March 29, 2017, Washington DC-The House Agriculture Committee hearing reviewed the Farm Credit System (FCS). Members of the committee heard from representatives of the Farm Credit Administration as well as representatives from institutions that provide credit. The hearing highlighted the century-long mission of FCS to provide credit to rural communities in both good times and bad, and it reviewed the overall health of the system.
Congress established the FCS in the Federal Farm Loan Act of 1916 at a time when credit was largely unavailable or unaffordable in rural areas, and lenders avoided agricultural loans due to their associated risks. The FCS was created to provide a permanent, reliable source of credit to American agriculture.
“Modern agriculture is far more complex than it was 100 years ago. With advances in agricultural technology, increasing global competition, rising input costs, and greater regulatory burdens, U.S. producers require more capital to keep their businesses afloat. That’s why it is so essential that farmers and ranchers across the country have access to reliable sources of credit. FCS has long played a crucial role in meeting that need, and I am confident that it will continue to do so for years to come,” said Agriculture Committee Chairman K. Michael Conaway.
Mr. Dallas P. Tonsager, Chairman and CEO, Farm Credit Administration, McLean, VA
Mr. Jeffery S. Hall, Member of the Board, Farm Credit Administration, McLean, VA
Mr. James Dodson, Chairman, Farm Credit Bank of Texas Board of Directors, Robstown, TX
Mr. Doug Stark, President and Chief Executive Officer, Farm Credit Services of-America, Omaha, NE
Mr. Tom Halverson, Chief Executive Officer, CoBank, Denver, CO
The export market is becoming more important to U.S. beef producers.
Here at home, we are eating more beef. A decades-long downward trend in per person consumption of a popular food item may finally be reversing itself. Gary Crawford and Shayle Shagam.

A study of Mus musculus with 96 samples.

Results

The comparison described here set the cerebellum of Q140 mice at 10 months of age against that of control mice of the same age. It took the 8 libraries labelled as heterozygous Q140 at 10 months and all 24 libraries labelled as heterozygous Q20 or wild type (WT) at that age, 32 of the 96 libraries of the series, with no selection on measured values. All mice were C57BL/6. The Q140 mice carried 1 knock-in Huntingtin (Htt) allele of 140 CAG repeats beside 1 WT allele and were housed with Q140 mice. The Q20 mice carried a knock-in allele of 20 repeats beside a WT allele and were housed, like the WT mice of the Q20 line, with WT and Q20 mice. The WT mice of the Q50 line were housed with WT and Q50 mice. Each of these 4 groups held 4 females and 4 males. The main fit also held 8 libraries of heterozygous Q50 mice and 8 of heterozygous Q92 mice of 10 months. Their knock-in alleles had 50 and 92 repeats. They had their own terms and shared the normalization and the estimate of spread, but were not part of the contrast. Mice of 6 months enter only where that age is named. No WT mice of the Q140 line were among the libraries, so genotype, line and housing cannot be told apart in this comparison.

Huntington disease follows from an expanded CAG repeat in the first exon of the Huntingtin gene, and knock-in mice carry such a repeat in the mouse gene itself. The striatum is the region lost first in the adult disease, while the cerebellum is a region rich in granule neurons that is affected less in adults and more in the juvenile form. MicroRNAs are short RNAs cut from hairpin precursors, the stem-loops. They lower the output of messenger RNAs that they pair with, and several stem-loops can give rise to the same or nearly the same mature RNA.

The President’s nominee for Agriculture Secretary says he’ll be a major voice in the Administration for trade agreements that benefit agriculture. Gary Crawford and Sonny Perdue.
Ag Secretary Nominee On Cuba as a potential ag export market. The nominee for Agriculture Secretary believes Cuba is a potential market for US ag goods, based on a trade mission he led as Governor of Georgia. Rod Bain and Secretary nominee Sonny Perdue.
March 27, 2017-Washington, DC – The National Cattlemen’s Beef Association today sent a coalition letter to President Donald Trump, urging him to raise the restoration of U.S. beef access to China when he meets with Chinese President Xi Jinping in April. Leaders from the U.S. Meat Export Federation and the North American Meat Institute also signed the letter.
American beef producers have been denied access to China – a $2.6 billion import market — since 2003. Last fall China announced that it had lifted its ban on imports of U.S. beef, but attempts since then to negotiate the technical terms of access have been unsuccessful.
“We believe that access to the large and growing Chinese beef market is essential to the future health of the U.S. beef industry,” read the letter, which was signed by NCBA’s CEO, Kendal Frazier. “We understand that you have many important issues to discuss with President Xi, but we strongly encourage you to take this important opportunity to convey the urgent need for China to reopen its market to U.S. beef.”
In 2016, American beef producers sold $6.3 billion worth of U.S. beef to customers around the world, with three of the industry’s top foreign markets located in Asia.
Full transcript at the Agrinet® AgBiz News tab. U.S. Senator Pat Roberts, U.S. Senator Debbie Stabenow, Governor Sonny Perdue, the President’s nominee for U.S. Secretary of Agriculture.
Ag Secretary nominee Sonny Perdue does not support a total ban on meat products from Brazil, in the wake of a tainted meat scandal there. Stephanie Ho and Ag Secretary Nominee Sonny Perdue.
Farm Ops, a program supported in part by USDA, gives veterans opportunity to develop real life ag skills leading to a potential career in farming or ranching. Anu Rangarajan of Cornell University Extension.